A break in the low-resistance grounding path from a tool or electrical system will result in a ground-fault, and electrical current can instead take a path through the user to the ground. This occurrence will result in either severe injuries or death.
A GFCI (ground-fault circuit interrupter) is a rapidly activated circuit breaker that can shut off electric power in 1/40th of a second when there’s a ground fault. It functions by measuring the amount of current traveling to and from equipment along the circuit conductors. If their amounts differ by about five milliamperes, the GFCI will interrupt the current.
A GFCI is designed to trip fast enough for the prevention of electrical incidents. Proper installation and maintenance will ensure that electrical current is cut the instant a faulty tool is plugged in.
Unfortunately, if the grounding conductor is not low-impedance or intact, a GFCI may not trip until a path is provided by the user. Although the user will receive a shock, the GFCI should trip fast enough so that it won’t be harmful.
A GFCI will not offer protection from line contact hazards, such as a person grasping a couple of “hot” wires, holding a neutral and hot wire in each hand, or touching an overhead power line. Nevertheless, there will be protection from a ground fault, the most typical electrical shock hazard. In addition, it will protect against overheating, fires, and damaged wire insulation.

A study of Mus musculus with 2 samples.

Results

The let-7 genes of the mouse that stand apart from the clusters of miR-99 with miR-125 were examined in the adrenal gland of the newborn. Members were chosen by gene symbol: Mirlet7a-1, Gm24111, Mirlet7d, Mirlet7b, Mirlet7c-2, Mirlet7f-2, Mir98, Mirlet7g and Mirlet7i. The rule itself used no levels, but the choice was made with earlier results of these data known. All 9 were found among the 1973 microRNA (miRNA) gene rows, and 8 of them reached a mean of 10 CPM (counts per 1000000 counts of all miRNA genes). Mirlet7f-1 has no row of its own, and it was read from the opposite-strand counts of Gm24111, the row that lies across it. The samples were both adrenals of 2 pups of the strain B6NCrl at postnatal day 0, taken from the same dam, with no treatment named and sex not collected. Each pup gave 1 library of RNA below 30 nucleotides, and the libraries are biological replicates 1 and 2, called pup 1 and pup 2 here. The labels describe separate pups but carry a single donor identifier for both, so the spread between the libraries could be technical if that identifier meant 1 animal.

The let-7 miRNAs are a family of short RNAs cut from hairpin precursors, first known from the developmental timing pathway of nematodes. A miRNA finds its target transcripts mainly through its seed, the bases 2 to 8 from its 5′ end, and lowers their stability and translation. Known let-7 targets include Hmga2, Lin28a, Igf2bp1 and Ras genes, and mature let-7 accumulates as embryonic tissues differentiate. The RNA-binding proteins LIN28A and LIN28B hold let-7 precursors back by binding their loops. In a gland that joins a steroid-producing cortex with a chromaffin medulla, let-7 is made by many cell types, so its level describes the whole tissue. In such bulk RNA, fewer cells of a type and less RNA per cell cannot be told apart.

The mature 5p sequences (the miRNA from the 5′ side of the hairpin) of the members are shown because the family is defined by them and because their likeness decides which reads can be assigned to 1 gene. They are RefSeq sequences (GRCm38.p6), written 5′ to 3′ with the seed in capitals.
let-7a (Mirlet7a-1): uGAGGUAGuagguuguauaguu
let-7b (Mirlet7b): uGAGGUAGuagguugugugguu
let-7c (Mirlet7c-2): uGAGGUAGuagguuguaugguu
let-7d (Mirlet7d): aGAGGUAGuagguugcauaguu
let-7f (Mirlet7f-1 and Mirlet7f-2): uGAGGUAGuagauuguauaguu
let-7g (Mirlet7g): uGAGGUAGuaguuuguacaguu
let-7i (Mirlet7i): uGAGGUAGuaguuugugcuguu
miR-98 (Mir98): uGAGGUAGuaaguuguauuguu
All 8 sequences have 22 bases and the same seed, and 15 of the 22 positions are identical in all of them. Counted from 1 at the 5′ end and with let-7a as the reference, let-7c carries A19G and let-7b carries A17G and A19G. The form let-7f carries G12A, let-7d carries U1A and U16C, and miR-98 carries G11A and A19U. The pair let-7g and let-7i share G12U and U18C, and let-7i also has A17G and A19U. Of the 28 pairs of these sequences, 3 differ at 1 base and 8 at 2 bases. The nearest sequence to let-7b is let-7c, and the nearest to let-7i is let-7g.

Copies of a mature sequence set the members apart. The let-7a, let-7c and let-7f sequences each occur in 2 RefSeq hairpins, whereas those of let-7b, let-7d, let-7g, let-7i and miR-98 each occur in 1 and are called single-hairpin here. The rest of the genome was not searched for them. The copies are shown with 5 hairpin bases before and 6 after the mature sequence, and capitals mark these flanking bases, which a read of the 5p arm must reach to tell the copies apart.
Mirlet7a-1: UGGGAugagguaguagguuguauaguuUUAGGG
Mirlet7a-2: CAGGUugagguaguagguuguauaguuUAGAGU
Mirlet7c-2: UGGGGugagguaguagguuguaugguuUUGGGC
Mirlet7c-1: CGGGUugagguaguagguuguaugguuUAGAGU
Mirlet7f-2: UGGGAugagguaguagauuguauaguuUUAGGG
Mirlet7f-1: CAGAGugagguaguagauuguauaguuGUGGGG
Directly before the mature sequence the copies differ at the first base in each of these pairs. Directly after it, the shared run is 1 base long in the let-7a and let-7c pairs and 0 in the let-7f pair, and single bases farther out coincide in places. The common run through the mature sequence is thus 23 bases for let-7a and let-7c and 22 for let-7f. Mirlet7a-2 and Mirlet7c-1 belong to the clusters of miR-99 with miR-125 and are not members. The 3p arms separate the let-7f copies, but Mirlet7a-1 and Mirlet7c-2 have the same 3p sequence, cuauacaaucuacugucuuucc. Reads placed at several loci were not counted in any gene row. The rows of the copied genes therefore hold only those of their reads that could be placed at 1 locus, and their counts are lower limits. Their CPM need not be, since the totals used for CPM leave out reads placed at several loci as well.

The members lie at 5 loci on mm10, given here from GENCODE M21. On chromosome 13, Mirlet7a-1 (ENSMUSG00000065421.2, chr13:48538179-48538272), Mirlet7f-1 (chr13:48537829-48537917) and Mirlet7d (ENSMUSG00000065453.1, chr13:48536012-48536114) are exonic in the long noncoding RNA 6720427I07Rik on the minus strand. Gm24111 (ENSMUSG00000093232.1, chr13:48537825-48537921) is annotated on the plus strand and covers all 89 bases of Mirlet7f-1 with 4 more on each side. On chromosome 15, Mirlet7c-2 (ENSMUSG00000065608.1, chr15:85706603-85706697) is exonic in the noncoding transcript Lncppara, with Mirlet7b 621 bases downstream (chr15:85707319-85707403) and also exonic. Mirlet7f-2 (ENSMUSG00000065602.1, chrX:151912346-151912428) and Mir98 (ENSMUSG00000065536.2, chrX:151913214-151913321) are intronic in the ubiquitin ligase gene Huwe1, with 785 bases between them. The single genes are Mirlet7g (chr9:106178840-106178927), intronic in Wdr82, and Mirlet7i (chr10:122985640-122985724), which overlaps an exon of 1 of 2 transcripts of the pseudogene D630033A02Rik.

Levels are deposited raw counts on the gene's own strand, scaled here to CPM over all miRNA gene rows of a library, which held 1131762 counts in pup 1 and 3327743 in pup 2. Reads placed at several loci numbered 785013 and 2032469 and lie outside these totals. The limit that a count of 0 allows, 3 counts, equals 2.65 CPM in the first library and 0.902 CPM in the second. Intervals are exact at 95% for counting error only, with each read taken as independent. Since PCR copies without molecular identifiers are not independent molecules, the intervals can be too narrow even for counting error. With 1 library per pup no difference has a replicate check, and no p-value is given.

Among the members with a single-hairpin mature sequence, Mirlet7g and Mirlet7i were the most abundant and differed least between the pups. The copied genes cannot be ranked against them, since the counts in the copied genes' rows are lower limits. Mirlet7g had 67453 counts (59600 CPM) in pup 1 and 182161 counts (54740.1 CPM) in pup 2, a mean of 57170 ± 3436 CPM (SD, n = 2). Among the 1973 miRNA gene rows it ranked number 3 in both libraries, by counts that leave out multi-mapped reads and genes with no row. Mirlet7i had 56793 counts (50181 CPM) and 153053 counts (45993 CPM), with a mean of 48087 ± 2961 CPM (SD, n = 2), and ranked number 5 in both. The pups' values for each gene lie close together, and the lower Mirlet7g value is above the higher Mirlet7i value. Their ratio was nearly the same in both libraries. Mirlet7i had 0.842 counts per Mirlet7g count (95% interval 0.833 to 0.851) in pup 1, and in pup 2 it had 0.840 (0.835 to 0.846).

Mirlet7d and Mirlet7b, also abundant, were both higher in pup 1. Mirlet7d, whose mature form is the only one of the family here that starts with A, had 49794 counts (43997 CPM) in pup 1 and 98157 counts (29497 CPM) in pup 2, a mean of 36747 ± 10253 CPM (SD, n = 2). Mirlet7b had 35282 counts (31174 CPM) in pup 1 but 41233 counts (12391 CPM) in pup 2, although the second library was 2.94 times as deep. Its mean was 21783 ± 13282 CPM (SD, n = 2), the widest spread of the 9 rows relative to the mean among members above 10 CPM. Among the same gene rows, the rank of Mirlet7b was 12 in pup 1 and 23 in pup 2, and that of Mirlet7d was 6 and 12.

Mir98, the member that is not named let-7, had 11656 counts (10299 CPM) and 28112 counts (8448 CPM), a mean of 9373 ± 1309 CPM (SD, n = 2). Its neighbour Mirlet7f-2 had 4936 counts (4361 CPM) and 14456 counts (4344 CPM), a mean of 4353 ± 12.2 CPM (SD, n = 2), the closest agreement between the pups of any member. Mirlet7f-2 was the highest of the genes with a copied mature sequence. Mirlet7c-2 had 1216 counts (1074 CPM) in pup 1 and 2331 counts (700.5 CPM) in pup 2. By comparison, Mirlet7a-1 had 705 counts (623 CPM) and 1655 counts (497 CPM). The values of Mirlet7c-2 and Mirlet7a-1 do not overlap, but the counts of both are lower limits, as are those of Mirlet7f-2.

For using power tools away from home or outside, below are three types of GFCIs:
Incorporating a GFCI device within one or more receptacle outlets, the receptacle types are increasingly gaining traction due to their affordability.
Coming in a number of styles, portable type GFCIs are made for ease of transport. Several models can use existing non-GFCI outlets or connect via a cord and plug configuration. Portable types feature a no-voltage release device that will cut power to outlets when a supply conductor is open. Outdoor GFCIs are built with waterproof enclosures to withstand the elements.
An attachment plug featuring the GFCI module, the Cord-Connected Type protects the cord and other equipment attached. It also has test and reset buttons. Similar to the portable type, it also has a no-voltage release device.